Fly Fishing, Flea Markets and Yard Sales, Oh My




    There is an insidious disease passing around the fly fishing world. It starts in early spring and slowly works to a crescendo by late fall. Now, if you have spent any time on the water, you might be thinking about Whirling Disease.

 The disease that causes trout to swim in circles. It is not that disease; it is one that is worse. It costs fly fishers thousands of dollars, maybe even millions.

     This disease is called collecting, or in the flyfishing world, being a “Gear Hound.” It happens so subtly the victim doesn’t even realize it. One may be walking through a fly shop or sporting goods store and see an item on sale. Now, you know at some point you are going to need one, especially flies, tippet or line, so you buy a few and put them at your tying bench in a box. You tell yourself that you will sort them out when the winter comes.

     Gear hounding starts with little items, but eventually works up to bigger items like rods and reels, and you never know where you are going to find them. I was at an outdoor flea market in Topsfield, Mass. As I was walking around I came upon an Orvis fly rod that didn’t even look used. It was a nine foot, seven weight that I could use for Striped Bass fishing.

Fishcation Success. George Liset is pictured in Pittsburg. Reed Liset photo

 I put on my game face and tried to not look excited, which would have been a dead giveaway that I really wanted the rod. I asked the gentleman how much he was asking for the rod. He gave me a price which was actually not a bad price for the rod. So I thanked him and walked away.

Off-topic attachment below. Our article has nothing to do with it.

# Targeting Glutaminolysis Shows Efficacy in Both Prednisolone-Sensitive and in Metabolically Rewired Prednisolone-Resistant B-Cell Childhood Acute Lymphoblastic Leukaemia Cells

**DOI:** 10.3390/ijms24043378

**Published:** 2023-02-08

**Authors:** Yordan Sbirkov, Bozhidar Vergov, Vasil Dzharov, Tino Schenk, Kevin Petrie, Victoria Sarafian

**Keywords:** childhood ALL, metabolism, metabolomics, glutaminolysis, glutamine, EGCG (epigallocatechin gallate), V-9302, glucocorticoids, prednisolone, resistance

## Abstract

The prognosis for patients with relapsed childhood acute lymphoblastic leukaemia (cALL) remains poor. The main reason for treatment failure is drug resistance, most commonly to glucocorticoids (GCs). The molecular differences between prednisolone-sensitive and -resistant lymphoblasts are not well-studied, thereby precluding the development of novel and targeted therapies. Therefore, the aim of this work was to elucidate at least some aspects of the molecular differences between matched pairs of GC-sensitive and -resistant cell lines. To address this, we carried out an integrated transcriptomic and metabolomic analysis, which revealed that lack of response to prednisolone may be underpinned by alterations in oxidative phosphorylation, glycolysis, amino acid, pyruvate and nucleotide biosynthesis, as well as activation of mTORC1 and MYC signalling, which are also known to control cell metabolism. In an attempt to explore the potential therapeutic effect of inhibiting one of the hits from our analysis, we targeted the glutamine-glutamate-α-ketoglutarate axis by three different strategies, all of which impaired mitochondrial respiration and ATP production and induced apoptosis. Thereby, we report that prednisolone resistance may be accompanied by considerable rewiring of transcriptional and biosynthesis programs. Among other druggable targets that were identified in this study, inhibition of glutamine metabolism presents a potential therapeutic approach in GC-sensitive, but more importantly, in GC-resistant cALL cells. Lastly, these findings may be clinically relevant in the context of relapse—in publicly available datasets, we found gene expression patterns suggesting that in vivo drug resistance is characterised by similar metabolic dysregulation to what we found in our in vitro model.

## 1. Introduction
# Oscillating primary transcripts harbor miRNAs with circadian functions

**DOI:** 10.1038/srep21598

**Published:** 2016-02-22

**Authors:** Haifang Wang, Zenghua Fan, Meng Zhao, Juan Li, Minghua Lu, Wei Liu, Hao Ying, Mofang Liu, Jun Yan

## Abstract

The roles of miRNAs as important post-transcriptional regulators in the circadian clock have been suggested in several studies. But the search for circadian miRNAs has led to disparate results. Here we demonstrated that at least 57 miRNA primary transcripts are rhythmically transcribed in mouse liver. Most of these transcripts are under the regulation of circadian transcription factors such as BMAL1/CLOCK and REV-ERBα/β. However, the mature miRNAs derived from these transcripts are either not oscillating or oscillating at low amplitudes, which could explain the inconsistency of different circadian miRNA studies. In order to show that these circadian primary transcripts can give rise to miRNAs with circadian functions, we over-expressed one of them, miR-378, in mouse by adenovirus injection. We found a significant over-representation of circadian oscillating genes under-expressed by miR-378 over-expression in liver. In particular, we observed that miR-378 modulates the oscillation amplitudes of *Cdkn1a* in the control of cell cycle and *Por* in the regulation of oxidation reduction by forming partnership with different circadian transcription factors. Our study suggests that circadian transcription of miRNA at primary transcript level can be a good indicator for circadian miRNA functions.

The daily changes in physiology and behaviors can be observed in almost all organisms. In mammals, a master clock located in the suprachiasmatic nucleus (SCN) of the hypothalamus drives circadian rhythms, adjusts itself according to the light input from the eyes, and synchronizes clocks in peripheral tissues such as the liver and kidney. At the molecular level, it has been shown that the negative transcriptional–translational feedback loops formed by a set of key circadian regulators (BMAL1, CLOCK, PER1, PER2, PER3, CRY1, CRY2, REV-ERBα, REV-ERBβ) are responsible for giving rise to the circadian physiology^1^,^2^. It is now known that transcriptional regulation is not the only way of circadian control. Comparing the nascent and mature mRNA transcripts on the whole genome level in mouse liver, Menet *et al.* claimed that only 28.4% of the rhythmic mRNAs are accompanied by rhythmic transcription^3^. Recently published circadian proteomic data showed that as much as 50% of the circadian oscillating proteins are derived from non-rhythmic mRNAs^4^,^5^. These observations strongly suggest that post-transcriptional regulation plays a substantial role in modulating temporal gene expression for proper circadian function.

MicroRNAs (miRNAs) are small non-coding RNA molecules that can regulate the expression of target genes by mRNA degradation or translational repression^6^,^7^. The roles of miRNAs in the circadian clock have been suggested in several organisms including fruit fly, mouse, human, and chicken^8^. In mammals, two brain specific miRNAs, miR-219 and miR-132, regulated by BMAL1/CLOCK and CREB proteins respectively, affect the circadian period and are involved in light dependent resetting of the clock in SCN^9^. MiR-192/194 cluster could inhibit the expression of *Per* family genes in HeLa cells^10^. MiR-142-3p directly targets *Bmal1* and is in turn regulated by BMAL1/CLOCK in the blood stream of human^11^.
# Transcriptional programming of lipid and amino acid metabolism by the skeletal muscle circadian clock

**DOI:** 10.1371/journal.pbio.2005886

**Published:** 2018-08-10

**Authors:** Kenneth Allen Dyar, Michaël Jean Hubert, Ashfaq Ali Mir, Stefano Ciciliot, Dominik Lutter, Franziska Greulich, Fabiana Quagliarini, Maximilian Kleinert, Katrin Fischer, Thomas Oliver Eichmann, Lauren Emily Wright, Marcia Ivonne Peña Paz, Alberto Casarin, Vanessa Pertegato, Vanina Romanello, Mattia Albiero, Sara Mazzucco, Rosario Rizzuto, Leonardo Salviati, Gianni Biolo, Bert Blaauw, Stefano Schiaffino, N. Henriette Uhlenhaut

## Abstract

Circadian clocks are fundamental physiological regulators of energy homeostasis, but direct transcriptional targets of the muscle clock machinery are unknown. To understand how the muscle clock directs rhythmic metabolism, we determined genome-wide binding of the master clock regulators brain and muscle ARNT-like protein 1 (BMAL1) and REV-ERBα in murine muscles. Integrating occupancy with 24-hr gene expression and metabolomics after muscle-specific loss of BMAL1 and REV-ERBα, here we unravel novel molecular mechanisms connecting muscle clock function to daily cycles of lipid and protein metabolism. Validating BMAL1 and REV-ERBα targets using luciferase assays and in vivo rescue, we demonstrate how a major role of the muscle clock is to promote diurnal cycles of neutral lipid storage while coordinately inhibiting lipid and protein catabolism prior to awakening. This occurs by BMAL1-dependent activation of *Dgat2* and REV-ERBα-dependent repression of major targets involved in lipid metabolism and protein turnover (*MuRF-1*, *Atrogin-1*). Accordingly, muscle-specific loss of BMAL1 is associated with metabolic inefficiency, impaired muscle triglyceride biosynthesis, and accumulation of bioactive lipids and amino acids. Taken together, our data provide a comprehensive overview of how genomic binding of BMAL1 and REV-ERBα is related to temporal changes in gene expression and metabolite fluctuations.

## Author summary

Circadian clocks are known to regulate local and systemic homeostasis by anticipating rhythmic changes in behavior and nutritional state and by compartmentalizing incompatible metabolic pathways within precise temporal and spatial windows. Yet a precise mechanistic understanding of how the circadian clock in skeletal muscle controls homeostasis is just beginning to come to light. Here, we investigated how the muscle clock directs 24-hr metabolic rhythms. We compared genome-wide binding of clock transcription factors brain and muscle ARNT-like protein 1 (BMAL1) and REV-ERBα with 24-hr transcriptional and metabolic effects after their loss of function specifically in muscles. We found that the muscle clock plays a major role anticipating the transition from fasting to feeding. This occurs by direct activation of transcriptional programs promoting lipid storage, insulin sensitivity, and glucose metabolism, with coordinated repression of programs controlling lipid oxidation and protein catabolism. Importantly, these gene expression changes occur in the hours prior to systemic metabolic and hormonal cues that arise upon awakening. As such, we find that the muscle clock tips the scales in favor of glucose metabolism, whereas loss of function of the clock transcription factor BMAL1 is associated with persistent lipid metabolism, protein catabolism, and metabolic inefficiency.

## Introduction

When you walk away, you are taking a chance that someone will come behind you. That is a chance you sometimes take. As I walked away I rationalized that I didn’t really need it, BUT I wanted it. That is part of the disease. I knew it was near the end of the day and he might be willing to lower the price if I waited for him to start picking up.

      When I saw the dealer start to pick up I meandered over and picked up the rod and asked him if he would take X amount in cash for the rod. After a brief moment of thought he replied “sure.” I came home with a beautiful rod that my son, who says he doesn’t have the disease, uses.

Insidious I tell you.

    Then there are yard sales. From early spring ‘til late fall, I always carry some of my fishing fund with me, because you never know what you will find. I came upon a beautiful Eagle Claw four-piece pack rod in the original plastic case which had the original price tag of $9.97. I came home with the rod, but not for $9.97, but still a bargain.

    I was on a local stream one time and a fly fisher came by carrying a beautiful Orvis Midge rod. As I was admiring it, I asked him where he obtained it. The gentleman told me at the dump. Apparently they have a swap store and the man who runs the store knew he liked to fly fish and put it aside for him. He sent it out to have the wraps redone by Orvis and now he has a great rod. You never know where you are going to find a deal.

    The deals are out there, you just need to be patient and carry some of your fishing fund. So the next time you drive past a yard sale and see a big truck with fly fishing stickers on the back window and a bumper sticker that says, “I Brake For Yard Sales,” that’s probably me. So please save me a spot on the river.

 George Liset of Dover is an award-winning outdoor writer and avid fly fisherman who shares insights of his time on the water exploring New Hampshire streams and rivers as well of those around New England. George is a graduate of Wheaton College, Illinois, and the University of New Hampshire. His column Writing on the Fly has been honored by the New England Press Association and the New Hampshire Press Association.